Smartphone could be a time wasterThis week the telephone company “Everything Everywhere” started the roll out of its 4G mobile phone service, which will allow speeds on smartphones faster than many people get for their office broadband. Early tests show that people are getting speeds of between 13Mbps and 17Mbps on a mobile phone – about twice as fast as reasonable broadband and more than ten times faster than a typical 3G mobile device. Whoopee…it means you will be able to do even more things when you are not in the office.

Of course, that’s what we were told when 3G came in over a decade ago. And indeed it proved to be the case. Prior to 2001 sending emails on a mobile phone was tedious, difficult and time consuming. But with the arrival of 3G phones it was so much easier, which led to even more people sending more emails than ever before. Now with 4G with us the promise of being able to do more “on the move” is being touted as something worthwhile and what we all want.

But is it? New research from Pixmania shows that the smartphone has added 460 hours EXTRA work to each of us. That’s two hours more work you are doing each day “thanks” to the smartphone. These devices may be convenient, but that comes at a price. And the price is high – two hours a day removed from your ability, for instance, to go to the gym, to go for a walk or to simply be with your family. Having a smartphone is actually taking you away from things which have significant psychological benefits.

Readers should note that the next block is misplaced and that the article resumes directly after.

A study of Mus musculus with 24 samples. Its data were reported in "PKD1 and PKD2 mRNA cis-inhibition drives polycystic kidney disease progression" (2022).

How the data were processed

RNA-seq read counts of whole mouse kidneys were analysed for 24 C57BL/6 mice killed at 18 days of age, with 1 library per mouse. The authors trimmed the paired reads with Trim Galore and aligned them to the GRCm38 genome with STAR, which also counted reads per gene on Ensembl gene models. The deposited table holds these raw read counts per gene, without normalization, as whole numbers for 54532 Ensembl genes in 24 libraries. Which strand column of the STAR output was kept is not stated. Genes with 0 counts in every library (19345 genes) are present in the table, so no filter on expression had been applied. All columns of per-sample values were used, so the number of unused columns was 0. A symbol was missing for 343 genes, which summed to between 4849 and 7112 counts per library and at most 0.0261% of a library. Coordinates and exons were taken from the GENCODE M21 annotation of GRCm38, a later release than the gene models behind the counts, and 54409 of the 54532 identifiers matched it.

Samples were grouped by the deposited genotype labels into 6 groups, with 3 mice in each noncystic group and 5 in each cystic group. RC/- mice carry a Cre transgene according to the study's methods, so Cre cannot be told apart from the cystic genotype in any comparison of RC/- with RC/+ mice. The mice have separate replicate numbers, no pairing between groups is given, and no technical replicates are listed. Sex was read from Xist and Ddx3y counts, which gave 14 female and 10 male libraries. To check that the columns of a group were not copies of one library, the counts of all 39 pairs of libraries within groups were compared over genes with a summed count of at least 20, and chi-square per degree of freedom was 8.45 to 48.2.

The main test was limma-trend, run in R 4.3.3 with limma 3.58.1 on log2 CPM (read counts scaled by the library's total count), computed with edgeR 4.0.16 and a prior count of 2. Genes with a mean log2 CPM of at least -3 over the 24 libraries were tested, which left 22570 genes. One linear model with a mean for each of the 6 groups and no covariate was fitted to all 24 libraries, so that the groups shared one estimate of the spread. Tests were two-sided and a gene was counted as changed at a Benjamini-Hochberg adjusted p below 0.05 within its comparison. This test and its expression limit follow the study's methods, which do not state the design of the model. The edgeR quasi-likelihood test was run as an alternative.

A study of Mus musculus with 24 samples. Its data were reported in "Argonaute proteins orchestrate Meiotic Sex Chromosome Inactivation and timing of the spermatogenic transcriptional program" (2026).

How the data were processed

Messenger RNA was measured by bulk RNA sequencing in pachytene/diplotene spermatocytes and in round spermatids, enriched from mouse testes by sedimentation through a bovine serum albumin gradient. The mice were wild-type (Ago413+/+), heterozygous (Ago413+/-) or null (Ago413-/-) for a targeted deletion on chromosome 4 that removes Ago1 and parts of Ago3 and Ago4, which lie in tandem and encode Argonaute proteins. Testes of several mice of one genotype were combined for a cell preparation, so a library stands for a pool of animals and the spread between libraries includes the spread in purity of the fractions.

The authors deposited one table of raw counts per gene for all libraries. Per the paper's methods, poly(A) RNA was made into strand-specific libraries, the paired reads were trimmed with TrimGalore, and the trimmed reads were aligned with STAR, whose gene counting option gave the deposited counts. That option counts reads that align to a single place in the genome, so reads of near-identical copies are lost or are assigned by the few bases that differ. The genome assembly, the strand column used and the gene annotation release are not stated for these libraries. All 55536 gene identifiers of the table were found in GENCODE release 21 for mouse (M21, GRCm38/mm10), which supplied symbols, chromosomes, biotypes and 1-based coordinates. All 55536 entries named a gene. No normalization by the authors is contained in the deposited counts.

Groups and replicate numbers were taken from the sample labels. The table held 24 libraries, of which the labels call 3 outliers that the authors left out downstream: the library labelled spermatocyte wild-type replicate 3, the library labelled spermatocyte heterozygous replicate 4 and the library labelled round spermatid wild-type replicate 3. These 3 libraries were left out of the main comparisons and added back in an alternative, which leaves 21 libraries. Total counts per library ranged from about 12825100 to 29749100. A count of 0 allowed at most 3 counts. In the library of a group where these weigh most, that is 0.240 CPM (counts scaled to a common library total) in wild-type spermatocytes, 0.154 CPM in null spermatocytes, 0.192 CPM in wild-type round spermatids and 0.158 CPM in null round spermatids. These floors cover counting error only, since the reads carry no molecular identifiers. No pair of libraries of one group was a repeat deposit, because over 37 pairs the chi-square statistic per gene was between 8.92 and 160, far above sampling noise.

One of the frequent findings in psychological studies is that our conscious perception of the world around us and our behaviour in it is often false. People, for example, will say they did not do a particular action or say a particular phrase, when in fact there is video evidence to the contrary. People, for example, will say that there was definitely a set of traffic lights at the road junction they just passed, when in fact photos reveal no such lights existed. In other words, our immediate memory of the world around us is often not true.

And that means that our immediate memory of using a smartphone is that it helps save time, that it is convenient and that it has benefits. But such memories can be false and an illusion. This research suggests that we are not getting the benefits we think we are getting from mobile phones – our brain is playing its usual tricks on us.

People who do spend time with their families, who do go for regular walks and who do “chill” from work tend to be more productive when they do work – they work fewer hours, but get more done. Similarly, such individuals tend to have fewer psychological issues, such as anxiety or depression, making their working life more enjoyable anyway.

Giving up your smartphone could actually improve your working ability and make your online life more enjoyable and productive. Your web activities could well improve if you give up your smartphone.